British Muslim who pleaded guilty to terror offences tells Old Bailey that UK 'is a joke'
A BRITISH Muslim who possessed a 'how-to guide' for Islamic state terrorists said he wanted to be sentenced in an Islamic court as he pleaded guilty to two terror offences at the Old Bailey.
Atiq Ahmed, 32, yesterday admitted two charges brought under the Terrorism Act of disseminating terrorist publications – and described Britain as "a joke".
The offences relate to two "relatively short" videos posted on his Google Plus account between January and March this year.
Ahmed, who is unemployed, had told the court: "I want out of this land… it's like a joke to me."
Throughout the brief hearing, Ahmed – wearing a grey prison-issue tracksuit – muttered and rocked his head back and forth, and could be heard saying: "People kill innocent people and blame us."
Judge Michael Topolski QC adjourned the case until 21 September for sentencing and said: "The psychiatric element is going to be important for me to consider."
He added: "There won't be a trial now, but there will be a sentencing exercise to go through."
But Ahmed – who claimed he had sought out material out of "curiosity and study" – ranted as he left court: "It should be an Islamic court. This is an enemy of Islam court".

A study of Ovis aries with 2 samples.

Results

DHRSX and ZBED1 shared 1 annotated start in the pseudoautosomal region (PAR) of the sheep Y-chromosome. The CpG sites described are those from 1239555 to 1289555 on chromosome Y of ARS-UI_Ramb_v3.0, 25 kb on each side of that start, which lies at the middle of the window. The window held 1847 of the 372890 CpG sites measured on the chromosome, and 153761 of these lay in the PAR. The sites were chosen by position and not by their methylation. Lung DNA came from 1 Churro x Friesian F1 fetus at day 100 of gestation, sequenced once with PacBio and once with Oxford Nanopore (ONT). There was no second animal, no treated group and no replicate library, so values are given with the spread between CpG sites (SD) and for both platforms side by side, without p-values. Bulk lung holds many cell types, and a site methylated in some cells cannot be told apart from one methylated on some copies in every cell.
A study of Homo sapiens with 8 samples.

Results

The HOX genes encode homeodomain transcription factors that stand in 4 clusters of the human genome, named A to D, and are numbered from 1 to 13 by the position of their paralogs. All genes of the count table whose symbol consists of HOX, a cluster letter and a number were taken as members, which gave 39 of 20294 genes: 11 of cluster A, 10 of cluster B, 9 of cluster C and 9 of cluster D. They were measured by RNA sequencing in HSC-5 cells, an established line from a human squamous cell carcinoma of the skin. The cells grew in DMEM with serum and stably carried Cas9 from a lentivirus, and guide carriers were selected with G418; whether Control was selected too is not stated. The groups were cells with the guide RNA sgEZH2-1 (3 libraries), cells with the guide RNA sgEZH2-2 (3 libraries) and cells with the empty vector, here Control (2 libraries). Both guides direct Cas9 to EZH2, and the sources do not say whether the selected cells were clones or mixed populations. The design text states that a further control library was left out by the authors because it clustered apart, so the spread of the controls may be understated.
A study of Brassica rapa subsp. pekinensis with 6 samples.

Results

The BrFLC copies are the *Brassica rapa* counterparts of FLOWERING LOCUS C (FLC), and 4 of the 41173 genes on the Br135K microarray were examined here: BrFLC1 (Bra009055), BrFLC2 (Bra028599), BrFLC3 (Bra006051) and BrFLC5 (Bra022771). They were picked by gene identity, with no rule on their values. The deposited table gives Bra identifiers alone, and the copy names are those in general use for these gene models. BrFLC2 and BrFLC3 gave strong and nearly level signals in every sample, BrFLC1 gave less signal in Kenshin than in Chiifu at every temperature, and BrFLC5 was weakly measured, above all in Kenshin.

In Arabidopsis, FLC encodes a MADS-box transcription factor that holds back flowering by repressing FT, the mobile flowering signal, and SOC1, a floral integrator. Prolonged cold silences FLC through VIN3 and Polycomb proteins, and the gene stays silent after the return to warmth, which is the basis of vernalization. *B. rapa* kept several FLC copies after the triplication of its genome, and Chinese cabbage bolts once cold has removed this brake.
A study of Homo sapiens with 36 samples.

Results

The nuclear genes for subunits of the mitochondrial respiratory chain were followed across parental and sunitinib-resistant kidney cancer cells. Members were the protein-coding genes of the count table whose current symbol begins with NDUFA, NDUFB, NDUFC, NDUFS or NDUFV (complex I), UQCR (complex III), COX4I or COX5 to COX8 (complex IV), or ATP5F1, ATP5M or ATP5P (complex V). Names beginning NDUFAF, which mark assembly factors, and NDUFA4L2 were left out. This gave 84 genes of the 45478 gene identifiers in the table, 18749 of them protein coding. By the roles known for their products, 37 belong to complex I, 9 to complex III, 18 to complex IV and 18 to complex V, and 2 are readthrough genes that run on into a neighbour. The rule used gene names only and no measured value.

Prosecutor Steven Gray said the Crown accepted the pleas on the basis that he was "reckless" as to the effect of the material.
The court heard Ahmed had "literally thousands" of files on his computer, many of which were of a religious or historical context.
Ahmed pleaded not guilty to a further charge of possessing material useful for terrorist purposes, which was allowed to lie on file.
The alleged document, entitled 'Hijra to the Islamic State', is said to be an ISIS 'how to guide' for aspiring Jihadis.
His barrister Andrew Selby said: "This is a man who has had a number of hospital admissions."
Ahmed, of Oldham, Greater Manchester, admitted to counts of disseminating a terrorist publication, but entered a not guilty plea to a further charge of possessing information useful for terrorism, which was allowed to lie on file.